After four weekends of protests that caused hundreds of injuries and over 1,000 arrests, France is in an "economic and social state of emergency," according to French President Emmanuel Macron.
On Monday, the president made an underwhelming attempt to pacify public outcry, promising tax cuts and a minimum wage increase in a televised national address.
The speech marked the government's greatly anticipated response to weeks of the "Yellow Vest" movement against increased taxes and general social inequality exacerbated by Macron's administration. Macron appeared before the country in the wake of highly publicized images of tear-gassed protesters, cars and small businesses set afire, and graffitied national monuments reading "the yellow vests will triumph." One Paris wall even read, "Hang the King."
The protesters' highest hope, that Macron would announce his resignation, was not fulfilled. Rather, he condemned the violence, stating, "When there's violence, freedom stops." Macron, a former banker, attempted to placate his critics by claiming that he's been misunderstood as seeming indifferent to the working class' struggles under the strain of tax burdens. He implored, "Give us another chance."
One protester, a 68-year-old retiree named Jean-Pierre Meuneur, decried on Saturday, "Macron is there for the rich, not for all the French."
In response to such concerns, the French President announced plans to raise minimum wage by 100 euros per month beginning in January 2019, as well as cancel a planned social security tax hike for pensioners. He vowed, "We will respond to the economic and social urgency with strong measures, by cutting taxes more rapidly, by keeping our spending under control, but not with U-turns." In addition, he called attention to student debt and the need to create "a France where we can live with dignity."
He also urged all employers "who can" to give end-of-year bonuses "for all employees without any tax." Macron has been meeting with his ministers, business and union representatives, and leaders of parliament, ostensibly to present the promised reforms before parliament as soon as possible.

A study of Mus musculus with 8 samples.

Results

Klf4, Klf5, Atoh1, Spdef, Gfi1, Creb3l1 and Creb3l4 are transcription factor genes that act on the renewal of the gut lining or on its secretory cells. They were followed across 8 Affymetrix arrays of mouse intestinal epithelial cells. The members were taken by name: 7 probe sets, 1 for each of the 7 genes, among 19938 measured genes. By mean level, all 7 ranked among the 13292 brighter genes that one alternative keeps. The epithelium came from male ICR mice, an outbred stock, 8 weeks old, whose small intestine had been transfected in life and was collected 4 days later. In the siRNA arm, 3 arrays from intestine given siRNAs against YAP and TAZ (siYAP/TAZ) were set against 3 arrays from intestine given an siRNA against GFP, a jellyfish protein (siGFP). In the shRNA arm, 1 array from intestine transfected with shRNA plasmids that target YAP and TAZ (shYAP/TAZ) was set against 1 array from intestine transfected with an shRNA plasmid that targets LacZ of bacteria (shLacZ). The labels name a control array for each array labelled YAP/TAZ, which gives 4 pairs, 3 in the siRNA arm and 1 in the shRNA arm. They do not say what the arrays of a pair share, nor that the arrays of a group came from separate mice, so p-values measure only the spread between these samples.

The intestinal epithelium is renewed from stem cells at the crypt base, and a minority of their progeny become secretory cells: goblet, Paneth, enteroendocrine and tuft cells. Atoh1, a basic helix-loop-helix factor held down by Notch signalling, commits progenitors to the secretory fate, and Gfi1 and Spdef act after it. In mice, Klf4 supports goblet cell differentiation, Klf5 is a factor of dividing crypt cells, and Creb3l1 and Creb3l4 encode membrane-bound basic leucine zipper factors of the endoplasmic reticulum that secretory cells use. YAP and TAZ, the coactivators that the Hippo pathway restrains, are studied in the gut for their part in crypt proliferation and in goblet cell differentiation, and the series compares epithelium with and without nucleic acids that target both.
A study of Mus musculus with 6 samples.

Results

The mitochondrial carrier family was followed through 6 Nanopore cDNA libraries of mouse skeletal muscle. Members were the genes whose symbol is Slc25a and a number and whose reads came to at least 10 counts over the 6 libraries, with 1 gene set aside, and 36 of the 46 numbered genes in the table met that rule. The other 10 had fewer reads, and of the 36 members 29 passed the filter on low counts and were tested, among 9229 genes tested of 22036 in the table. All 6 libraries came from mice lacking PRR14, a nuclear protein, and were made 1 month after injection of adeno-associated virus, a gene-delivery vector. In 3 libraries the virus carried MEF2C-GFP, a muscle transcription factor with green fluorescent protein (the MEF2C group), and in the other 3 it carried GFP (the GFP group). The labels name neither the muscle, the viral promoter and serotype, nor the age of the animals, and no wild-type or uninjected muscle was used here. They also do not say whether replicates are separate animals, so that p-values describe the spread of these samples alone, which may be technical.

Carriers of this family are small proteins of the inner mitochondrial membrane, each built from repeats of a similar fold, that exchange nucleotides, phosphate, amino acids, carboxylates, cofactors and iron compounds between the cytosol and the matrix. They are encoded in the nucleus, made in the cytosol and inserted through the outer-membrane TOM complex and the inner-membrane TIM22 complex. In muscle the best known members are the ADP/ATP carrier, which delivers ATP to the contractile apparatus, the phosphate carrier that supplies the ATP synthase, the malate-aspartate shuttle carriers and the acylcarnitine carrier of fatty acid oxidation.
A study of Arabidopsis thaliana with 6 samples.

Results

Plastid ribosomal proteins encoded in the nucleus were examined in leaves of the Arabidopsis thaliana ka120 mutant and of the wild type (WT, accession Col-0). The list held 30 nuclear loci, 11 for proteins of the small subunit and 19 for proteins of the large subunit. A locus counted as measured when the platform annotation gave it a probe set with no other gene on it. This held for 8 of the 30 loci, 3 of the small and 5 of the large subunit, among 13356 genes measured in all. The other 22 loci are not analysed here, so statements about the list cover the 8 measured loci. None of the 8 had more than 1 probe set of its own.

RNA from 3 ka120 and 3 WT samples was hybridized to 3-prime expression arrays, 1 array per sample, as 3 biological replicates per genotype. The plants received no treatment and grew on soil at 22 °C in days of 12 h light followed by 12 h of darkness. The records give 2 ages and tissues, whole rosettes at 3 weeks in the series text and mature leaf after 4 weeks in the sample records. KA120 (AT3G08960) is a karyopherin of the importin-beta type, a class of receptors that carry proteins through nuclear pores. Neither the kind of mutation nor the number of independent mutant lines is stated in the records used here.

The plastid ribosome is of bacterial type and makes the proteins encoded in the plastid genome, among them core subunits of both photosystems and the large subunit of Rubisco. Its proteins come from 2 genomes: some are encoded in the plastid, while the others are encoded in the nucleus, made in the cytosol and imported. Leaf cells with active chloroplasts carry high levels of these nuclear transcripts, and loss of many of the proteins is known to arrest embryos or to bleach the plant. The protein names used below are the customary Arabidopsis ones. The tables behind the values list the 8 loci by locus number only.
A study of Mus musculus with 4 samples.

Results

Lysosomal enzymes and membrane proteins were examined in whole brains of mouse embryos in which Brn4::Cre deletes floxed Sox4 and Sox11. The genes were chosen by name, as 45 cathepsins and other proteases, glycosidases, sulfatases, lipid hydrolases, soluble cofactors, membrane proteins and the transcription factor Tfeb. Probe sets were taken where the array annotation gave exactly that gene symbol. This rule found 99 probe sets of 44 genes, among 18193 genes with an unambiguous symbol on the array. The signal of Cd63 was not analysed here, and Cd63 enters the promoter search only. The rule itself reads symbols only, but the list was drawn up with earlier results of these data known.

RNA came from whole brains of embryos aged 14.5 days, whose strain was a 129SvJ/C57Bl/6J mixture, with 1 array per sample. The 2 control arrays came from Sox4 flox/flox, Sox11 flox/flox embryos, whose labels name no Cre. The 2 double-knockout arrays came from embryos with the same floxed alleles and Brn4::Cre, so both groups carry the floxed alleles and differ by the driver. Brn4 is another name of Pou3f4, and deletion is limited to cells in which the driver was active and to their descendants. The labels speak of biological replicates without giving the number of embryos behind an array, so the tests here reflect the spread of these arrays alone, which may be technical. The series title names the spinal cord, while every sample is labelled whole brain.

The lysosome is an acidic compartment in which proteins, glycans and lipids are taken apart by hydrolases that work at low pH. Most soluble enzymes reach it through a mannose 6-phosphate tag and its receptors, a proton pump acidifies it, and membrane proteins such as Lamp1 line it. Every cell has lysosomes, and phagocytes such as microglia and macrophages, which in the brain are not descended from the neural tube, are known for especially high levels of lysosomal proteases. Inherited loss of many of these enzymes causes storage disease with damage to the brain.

He claimed, "We are at a historic moment in our country. With dialogue, respect, and engagement, we will succeed. My only concern is you, my only combat is for you–our only battle is for France."
The spread of civil unrest in France has surprised the country and the international community. Fear of violence has forced profitable tourist attractions like the Eiffel Tower and the Louvre to close, while world leaders speculate over France's stability.
Over the weekend, Donald Trump was reproached by French politicians after he took to Twitter to share his own version of events in Paris. Trump took advantage of the violence to repeat his denunciation of the Paris Agreement, stating:
To date, no reports indicate any mention of Trump among the protesters.
France's Foreign Minister, Jean-Yves Le Drian, responded to the POTUS in an interview with the French television channel LCI: "We do not take domestic American politics into account and we want that to be reciprocated." He urged, "I say this to Donald Trump and the French president says it too: leave our nation be."
A more vocal rebuke came from Joachim Son-Forget, a member of the French National Assembly. He tweeted a response saying the "senile" president is "suffering from cerebral incontinence" and that Trump speaks without thinking just as one who is enfeebled and elderly "suffers from incontinence of urine or even feces and 'spoils' his sheets."
In France, this weekend will reveal whether or not Macron's assignations and promises will quell the frustration of the largely working class "Yellow Vest" movement. So far the one consistent demand that has united all the protesters is Macron's resignation.